Confessions Of A 'Spoilt Modern Indian Woman': I Love Myself, So What?

08/03/2016 8:27 AM IST | Updated 15/07/2016 8:26 AM IST

If you have to slot me under 'Spoilt Modern Indian Women', that's where I sit well.

Not the badass types who would actively attacks society for its ass-ine nature.

(Too self-absorbed to work for a larger good.)

Not the diva with an unrealistic sense of superiority.

(Too distracted to harbor grand fantasies.)

That said - if there is anything I have worked diligently towards is to follow my whims and treat myself well.

And of course, tackle whatsoever be a threat to them--'sanskaar', sexism, social pressures, emotional entanglements etc.

It hasn't been easy for me and it has perhaps been equally unsettling for others. Yes, it's 2016 and yet the labels 'spoilt' and 'modern' are handed out generously to women. For looking and speaking in a certain way, for not being married by a certain age, for not working in tradition-approved fields. For exercising your choice to shape your life, your way.

Clap, clap to the 'progressive' portrayal of the modern Indian women in popular culture.

The truth is, not many are comfortable with women who walk the 'my life, my choice' line in real life.

The 20's, as the listicle culture has made us believe, is a period of exploration, experimentation and self-discovery. Its gift of self-awareness, open-ness to experience and hazy excitement isn't something I would possibly trade for anything. Yet it has comes at a price of constant badgering and jibes. Here are a few samples: 'Girls don't...' , 'You are almost a guy', 'By this age, most women...' , 'Live like a girl' and so on.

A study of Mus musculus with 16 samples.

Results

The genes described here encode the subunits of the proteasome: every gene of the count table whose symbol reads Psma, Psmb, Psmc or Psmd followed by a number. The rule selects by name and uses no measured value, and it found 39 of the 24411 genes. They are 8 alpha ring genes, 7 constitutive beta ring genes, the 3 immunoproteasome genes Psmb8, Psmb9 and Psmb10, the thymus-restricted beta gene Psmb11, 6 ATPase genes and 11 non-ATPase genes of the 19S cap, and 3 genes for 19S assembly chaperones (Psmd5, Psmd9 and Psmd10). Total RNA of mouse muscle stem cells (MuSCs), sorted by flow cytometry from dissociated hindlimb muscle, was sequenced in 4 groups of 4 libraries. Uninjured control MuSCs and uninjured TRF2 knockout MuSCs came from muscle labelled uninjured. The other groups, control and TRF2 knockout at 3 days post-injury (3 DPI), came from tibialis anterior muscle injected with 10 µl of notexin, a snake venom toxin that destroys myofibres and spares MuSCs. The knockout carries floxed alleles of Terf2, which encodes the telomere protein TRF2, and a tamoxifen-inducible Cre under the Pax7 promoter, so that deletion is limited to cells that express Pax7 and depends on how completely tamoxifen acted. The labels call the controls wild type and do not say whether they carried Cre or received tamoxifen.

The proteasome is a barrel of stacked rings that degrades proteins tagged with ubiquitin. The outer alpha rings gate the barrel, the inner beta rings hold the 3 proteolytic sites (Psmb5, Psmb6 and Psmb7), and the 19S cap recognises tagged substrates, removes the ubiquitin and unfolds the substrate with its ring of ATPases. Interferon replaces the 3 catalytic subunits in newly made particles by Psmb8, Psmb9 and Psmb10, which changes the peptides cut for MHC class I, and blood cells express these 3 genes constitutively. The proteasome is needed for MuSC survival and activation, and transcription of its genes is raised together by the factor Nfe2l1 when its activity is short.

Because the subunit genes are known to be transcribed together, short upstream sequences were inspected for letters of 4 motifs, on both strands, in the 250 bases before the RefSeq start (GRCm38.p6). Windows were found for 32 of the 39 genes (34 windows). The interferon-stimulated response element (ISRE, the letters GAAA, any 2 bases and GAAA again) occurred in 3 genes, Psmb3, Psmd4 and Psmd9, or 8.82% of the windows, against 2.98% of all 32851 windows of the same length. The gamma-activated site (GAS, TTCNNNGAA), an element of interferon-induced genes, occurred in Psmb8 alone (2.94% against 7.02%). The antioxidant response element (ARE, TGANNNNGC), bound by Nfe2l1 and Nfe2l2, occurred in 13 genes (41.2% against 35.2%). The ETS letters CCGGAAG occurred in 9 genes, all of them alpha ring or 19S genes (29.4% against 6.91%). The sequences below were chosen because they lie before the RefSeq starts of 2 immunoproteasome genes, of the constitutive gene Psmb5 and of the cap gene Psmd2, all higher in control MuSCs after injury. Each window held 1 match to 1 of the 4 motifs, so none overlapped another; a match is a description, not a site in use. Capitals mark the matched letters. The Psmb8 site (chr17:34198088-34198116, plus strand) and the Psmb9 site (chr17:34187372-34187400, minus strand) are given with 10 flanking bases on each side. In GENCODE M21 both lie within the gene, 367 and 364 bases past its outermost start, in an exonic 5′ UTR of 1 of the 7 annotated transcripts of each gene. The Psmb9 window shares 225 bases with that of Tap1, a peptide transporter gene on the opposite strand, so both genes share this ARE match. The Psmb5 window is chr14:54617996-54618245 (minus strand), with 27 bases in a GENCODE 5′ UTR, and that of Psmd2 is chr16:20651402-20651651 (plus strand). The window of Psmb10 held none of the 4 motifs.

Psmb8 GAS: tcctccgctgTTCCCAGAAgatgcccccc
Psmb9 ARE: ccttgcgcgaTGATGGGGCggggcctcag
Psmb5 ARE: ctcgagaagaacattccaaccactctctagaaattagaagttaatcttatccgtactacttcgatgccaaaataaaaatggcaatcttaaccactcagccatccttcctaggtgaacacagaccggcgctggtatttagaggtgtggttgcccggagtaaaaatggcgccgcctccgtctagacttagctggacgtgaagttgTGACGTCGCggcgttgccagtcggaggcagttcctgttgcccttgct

My femininity forever has been under the scanner.

The judging of 'not being woman enough' isn't by a single gender - both men and women are unfamiliar and uncomfortable with an autonomous woman in India.

If I had worked on building some conventional "feminine" creds - my 20's would have been depressingly comfortable.

My experiments with short hair are to largely blame for this perceived lack of femininity. My inability to tackle frizz has been often mistaken as DSI, rebellion and non-conformism. Drop by my Facebook profile and "oh you looking like a girl here" comments aren't hard to find. An acquaintance once kindly advised me I should grow my hair to be marriageable. I once had a lovely eyesore of a boss who asked me to consult someone for fashion tips while working on a fashion brand as I lacked them completely.

I treat me well - I take myself out for films, long drives, walks. My love for solitude has usually been received with dismissive "lonely hogi?" stares.

My "un-feminine" pursuits are endless. It includes non-giggly conversations about topical issues, holding salary negotiations, going on road trips, checking out shady bars, non-committal relations etc.

What my 20's turbulence has helped me with is to formulate my brand of feminity- a rich malleable flavor infused with my flaws, my strengths , my passions, my comfort levels, my social pressure intake.

Owning, honing, refining and being secure of it is my task for the future.

Chin-up to all you other Spoilt Modern Women out there!